Utah Stories

Best Ogden Ice Climbs

If you aren’t into skiing what can you do when the “greatest snow on earth” starts to fall? Go to Ogden and try an ice climb.


Climbing at Malan’s Waterfall. Photo by Brian Smoot.

Utah is a hub of outdoor recreation at any time of year. But if you aren’t into skiing, what can you do once all that “greatest snow on earth” starts to fall? With the right gear, climbing season doesn’t need to end. Utah is full of ice climbing routes, and if you’re in Ogden, you have some in your own backyard.

This is not a comprehensive guide to these routes. Ice climbing can be a dangerous, unforgiving venture if you come unprepared. Before you attempt any of these climbs, make sure you have the right gear and do your research. Winter climbing means avalanche danger, and a fall with ice climbing gear could easily be deadly. But if you take necessary precautions, ice climbing can be one of your most challenging and rewarding outdoor experiences.

Malan’s Waterfall

The most consistently available ice climb in the Ogden area is Malan’s Waterfall, accessible from the 29th St. trailhead into Waterfall Canyon. This is also one of Ogden’s most popular hikes. The landowner allows access to the falls, but be sure to respect the area to keep it available for future hikers and climbers.

The first pitch is fairly consistent, but the upper pitches of the waterfall get more sun. You’ll have a safer climb if you go early in the morning and avoid the warmer parts of the day, when the upper pitches start to break up.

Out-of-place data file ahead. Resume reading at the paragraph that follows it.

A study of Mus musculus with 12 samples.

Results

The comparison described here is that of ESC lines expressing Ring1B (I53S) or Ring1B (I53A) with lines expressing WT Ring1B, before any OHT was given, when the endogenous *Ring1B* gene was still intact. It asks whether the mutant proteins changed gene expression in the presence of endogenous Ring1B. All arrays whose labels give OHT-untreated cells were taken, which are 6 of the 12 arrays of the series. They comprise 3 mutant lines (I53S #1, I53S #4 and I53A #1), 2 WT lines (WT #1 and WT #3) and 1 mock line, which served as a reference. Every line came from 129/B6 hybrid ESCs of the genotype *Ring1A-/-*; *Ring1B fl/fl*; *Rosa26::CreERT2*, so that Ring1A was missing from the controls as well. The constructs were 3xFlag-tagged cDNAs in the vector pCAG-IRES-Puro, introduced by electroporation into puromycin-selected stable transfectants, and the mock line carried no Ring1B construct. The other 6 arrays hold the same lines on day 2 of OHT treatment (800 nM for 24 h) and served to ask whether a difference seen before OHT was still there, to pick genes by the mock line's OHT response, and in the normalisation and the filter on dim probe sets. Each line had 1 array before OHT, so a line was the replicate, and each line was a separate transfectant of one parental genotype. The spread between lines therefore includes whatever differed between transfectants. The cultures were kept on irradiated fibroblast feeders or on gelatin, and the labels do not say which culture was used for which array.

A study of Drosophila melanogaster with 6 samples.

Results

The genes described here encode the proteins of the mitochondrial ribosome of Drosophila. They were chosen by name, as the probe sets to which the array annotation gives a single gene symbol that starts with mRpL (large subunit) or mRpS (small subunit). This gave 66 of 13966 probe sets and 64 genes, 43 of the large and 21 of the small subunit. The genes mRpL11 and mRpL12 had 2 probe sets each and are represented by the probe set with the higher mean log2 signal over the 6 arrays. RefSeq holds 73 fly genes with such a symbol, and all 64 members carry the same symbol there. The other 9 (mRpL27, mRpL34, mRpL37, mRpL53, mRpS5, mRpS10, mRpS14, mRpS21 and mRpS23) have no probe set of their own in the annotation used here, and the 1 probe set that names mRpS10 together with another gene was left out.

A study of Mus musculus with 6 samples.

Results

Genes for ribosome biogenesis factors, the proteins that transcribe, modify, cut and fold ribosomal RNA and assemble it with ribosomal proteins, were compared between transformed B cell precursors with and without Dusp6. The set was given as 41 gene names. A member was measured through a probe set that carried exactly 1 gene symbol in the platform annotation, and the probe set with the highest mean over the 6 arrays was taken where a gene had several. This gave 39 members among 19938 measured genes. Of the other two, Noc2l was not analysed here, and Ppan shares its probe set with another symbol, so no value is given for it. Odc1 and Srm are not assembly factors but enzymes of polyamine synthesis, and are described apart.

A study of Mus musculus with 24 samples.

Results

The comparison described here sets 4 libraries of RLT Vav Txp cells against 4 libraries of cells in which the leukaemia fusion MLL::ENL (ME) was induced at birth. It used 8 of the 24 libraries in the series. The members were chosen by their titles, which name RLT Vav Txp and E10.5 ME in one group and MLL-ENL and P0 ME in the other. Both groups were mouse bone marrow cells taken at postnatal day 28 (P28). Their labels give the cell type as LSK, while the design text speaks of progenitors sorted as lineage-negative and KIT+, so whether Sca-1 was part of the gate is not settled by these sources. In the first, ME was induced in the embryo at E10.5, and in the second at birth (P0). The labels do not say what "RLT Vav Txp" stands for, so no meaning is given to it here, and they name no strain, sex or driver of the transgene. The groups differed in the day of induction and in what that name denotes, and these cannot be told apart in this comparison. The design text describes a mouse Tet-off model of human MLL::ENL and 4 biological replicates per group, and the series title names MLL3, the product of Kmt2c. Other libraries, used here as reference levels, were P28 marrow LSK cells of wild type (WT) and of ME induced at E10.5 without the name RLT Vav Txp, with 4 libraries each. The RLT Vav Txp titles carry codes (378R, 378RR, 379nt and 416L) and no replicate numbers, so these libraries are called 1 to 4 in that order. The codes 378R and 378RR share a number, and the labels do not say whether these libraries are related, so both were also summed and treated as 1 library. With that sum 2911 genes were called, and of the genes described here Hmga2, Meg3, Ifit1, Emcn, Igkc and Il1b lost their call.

Because this is a popular climb, you can find plenty of videos and articles online about how the different routes work.

Great Amphitheater Gully

This climb is much rarer than Malan’s Waterfall, but if you can catch it at the right time, it is worth the hike to get there. You can access the gully by hiking up the trail above Douglas Street in Ogden.

The whole area is exposed to sunlight, so you’ll probably encounter mixed conditions. Be sure to get a sense of conditions all the way up before you start climbing, and plan for contingencies.

There’s no guarantee this one will cooperate, but if you hear the ice is on in the gully, it is definitely worth the effort to go.

Willard Canyon Falls

If you’re willing to go a little more out of the way, you can head up to Willard Canyon. Go behind the Willard Cemetery and head east for a half mile. Take the right fork to a parking lot at the end of the road, then cross the creek and hike up toward the canyon.

The falls consist of four pitches with some steeper sections that are a fun challenge. The area is prone to avalanches, so go after the falls have frozen but before the snow really sets in.

There is a trail at the top that leads back to the base. The trail can be slick so be aware of avalanche conditions before attempting this route.

Ogden has a great climbing community, so if you’re looking for gear, advice, or climbing buddies, check out Recreation Outlet and The Front Climbing Club before you go. 

Did You Know?

The crampon is arguably the best thing to happen to ice climbing—they allow a climber to have incredible traction when climbing an ice wall, traversing glaciers, and snowfields. But prior to the invention of the ice tool in 1908 by Oscar Eckenstein, climbers and adventurers had to use a method called “step cutting,” a laborious process by which climbers had to cut footholds into the snow and ice with a pick or axe, to gain and maintain footing.